An 18-year-old who slept outside Castille in protest at a decision to bar entry to rescued migrants returned to Valletta on Wednesday to demand fairer treatment of asylum seekers.

Xandru Cassar handed MPs a letter as they entered or exited parliament, urging them to safeguard life and end the ill-treatment of asylum seekers out at sea.

He encouraged others to join him and light a candle in front of parliament.

At the same time, representatives of a number of NGOs held a silent protest on Castille Square, standing two metres apart as required by COVID-19 rules.

As  Prime Minister Robert Ablea entered the building some shouted "Shame on You," and "You should not even leave dogs outside." 

Xandru Cassar outside parliament. Video: Sarah Carabott

In the letter, Cassar wrote: 

"Prime Minister [Robert Abela] said that waves can be found in the sea. I don't believe that the sea, with all its waves and natural elements is a place where people can be kept for weeks on end," his letter reads.

"I call on you to safeguard life and do your utmost to protect the sacred dignity of human lives."

Cassar asked MPs whether Malta was willing to have another migrant death on its conscience. 

"Are we going to let these people fight for their lives in the waves?"

Video - Jonathan Borg.

Cassar's action follows reports that a boat of migrants just off the Maltese coast was not rescued by the Armed Forces but instead given fuel and coordinates to reach Italy.

Another 160 rescued migrants are being kept on two Captain Morgan cruise boats. 

In April, Cassar camped outside the office of the prime minister with fellow protester Lara Mohnani, to plead for the prime minister not to let migrants die at sea.

'Stop detention at sea'

Meanwhile, human rights NGOs have joined forces to call on the government to stop the detention of 160 people out at sea aboard Captain Morgan ships.

“In detaining them out at sea, Malta is denying them basic human rights, dignity and voice. The human body and the human spirit can only endure so much. 

“These young men have been exposed to too much trauma, we fear their physical and mental wellbeing will deteriorate fast.” 

Photo: Jonathan Borg.Photo: Jonathan Borg.

The NGOs said these conditions were compounded by the psychological distress they would have been forced to endure in the weeks before they fled for Europe, including the violence that they would have been exposed to in Libya. 

Malta shut its ports to asylum seekers, citing the COVID-19 pandemic, in April.

It has since returned one group of migrants to Libya through the intervention of a private fishing boat and hosted other groups aboard the cruise boats, for which it is paying €3,000 a day each to lease.  

On Tuesday NGO Alarm Phone claimed that migrants aboard the cruise vessels at sea had started a hunger strike

'Hunger strike a final act'

The Maltese human rights NGOs said on Wednesday that resorting to a hunger strike was “an act of desperation”.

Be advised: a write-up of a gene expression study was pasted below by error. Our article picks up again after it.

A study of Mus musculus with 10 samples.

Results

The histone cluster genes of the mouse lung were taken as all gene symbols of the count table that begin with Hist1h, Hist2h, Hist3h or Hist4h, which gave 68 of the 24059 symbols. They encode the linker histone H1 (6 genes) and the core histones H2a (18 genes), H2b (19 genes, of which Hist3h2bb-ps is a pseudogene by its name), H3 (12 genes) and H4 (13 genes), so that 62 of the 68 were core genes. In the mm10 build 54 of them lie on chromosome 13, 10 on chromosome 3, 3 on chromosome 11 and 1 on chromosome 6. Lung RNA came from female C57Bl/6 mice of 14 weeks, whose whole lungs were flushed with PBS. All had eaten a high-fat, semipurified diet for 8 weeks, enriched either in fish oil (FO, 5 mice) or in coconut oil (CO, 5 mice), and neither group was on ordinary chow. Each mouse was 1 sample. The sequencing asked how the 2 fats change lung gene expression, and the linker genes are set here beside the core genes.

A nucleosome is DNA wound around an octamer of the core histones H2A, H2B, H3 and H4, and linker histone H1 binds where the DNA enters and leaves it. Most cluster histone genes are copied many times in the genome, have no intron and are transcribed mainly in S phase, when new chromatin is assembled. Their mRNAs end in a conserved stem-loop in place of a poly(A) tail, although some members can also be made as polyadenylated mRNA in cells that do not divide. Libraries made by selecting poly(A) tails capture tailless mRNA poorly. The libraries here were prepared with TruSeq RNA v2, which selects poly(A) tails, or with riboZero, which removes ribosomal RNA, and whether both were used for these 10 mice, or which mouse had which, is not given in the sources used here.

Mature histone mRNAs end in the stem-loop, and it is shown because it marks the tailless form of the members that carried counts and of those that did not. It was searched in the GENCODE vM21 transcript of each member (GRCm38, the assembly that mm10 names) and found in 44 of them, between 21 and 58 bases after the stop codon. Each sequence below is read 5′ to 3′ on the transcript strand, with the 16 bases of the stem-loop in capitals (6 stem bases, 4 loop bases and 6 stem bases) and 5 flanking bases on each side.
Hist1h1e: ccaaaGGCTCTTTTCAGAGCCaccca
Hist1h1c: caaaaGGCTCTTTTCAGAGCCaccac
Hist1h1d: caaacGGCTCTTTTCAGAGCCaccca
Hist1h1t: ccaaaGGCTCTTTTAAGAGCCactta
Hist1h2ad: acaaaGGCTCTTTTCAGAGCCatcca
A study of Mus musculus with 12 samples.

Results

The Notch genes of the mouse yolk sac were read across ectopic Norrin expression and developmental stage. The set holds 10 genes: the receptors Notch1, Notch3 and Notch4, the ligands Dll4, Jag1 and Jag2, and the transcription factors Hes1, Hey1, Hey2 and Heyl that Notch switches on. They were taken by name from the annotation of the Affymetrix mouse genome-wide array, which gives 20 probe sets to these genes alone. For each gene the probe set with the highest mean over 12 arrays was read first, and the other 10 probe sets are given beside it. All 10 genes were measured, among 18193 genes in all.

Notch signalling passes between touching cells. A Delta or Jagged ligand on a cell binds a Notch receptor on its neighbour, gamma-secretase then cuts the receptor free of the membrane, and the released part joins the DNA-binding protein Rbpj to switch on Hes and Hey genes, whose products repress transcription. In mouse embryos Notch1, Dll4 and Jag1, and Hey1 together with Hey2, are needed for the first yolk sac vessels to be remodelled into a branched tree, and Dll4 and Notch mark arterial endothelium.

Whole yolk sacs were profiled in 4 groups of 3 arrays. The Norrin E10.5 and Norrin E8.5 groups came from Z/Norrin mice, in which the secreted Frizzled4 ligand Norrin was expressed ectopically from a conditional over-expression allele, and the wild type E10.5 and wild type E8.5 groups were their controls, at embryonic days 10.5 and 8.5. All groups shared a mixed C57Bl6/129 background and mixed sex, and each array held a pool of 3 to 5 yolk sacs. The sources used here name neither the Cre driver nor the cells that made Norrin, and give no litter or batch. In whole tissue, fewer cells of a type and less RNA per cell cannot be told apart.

It was “a final act, and the only course of action available to them. They have no control over the situation, their lives are quite literally in the hands of the government. 

“They are using their bodies, the only resource they have limited control over, to convey a message. To remind the politicians of their legal and moral responsibilities and perhaps also to speak to their conscience. To convey a message to Malta, as a nation, in the hope that we might remember their very presence, recognise and acknowledge their plight, and be the voice that they have been denied.”

They called upon the government to immediately end this “ill-treatment”, provide them with the medical and psychological care that they urgently needed, and to let them in. 

The NGOs' representatives outside the Auberge de Castille on Wednesday evening. (Jonathan Borg).The NGOs' representatives outside the Auberge de Castille on Wednesday evening. (Jonathan Borg).

They also strongly urged the EU institutions to assist Malta in finding a solution to this terrible incident.

In a statement earlier on Wednesday, the government said that Malta has received just two offers from all other EU member states to take in migrants this year.

The NGOs who signed the statement are aditus foundation, African Media Association Malta, Anti-Poverty Forum Malta, Association for Justice, Equality and Peace, Blue Door English, Catholic Voices Malta, The Critical Institute, The Daphne Caruana Galizia Foundation, Dar Hosea, Dar tal-Providenza, Integra Foundation, Jesuit Refugee Service Malta, Justice and Peace Commission
KOPIN, Malta Emigrants’ Commission, MGRM, Migrant Women Association Malta, Moviment Graffitti, Office of the Dean – Faculty for Social Wellbeing, Repubblika, Salesjani Dar Osanna Pia, Segretarjat Assistanza Soċjali tal-Azzjoni Kattolika Maltija, Society of St. Vincent de Paul - Malta, SOS Malta, St. Jeanne Antide Foundation, Spark15, Women’s Rights Foundation and Youth Alive Foundation.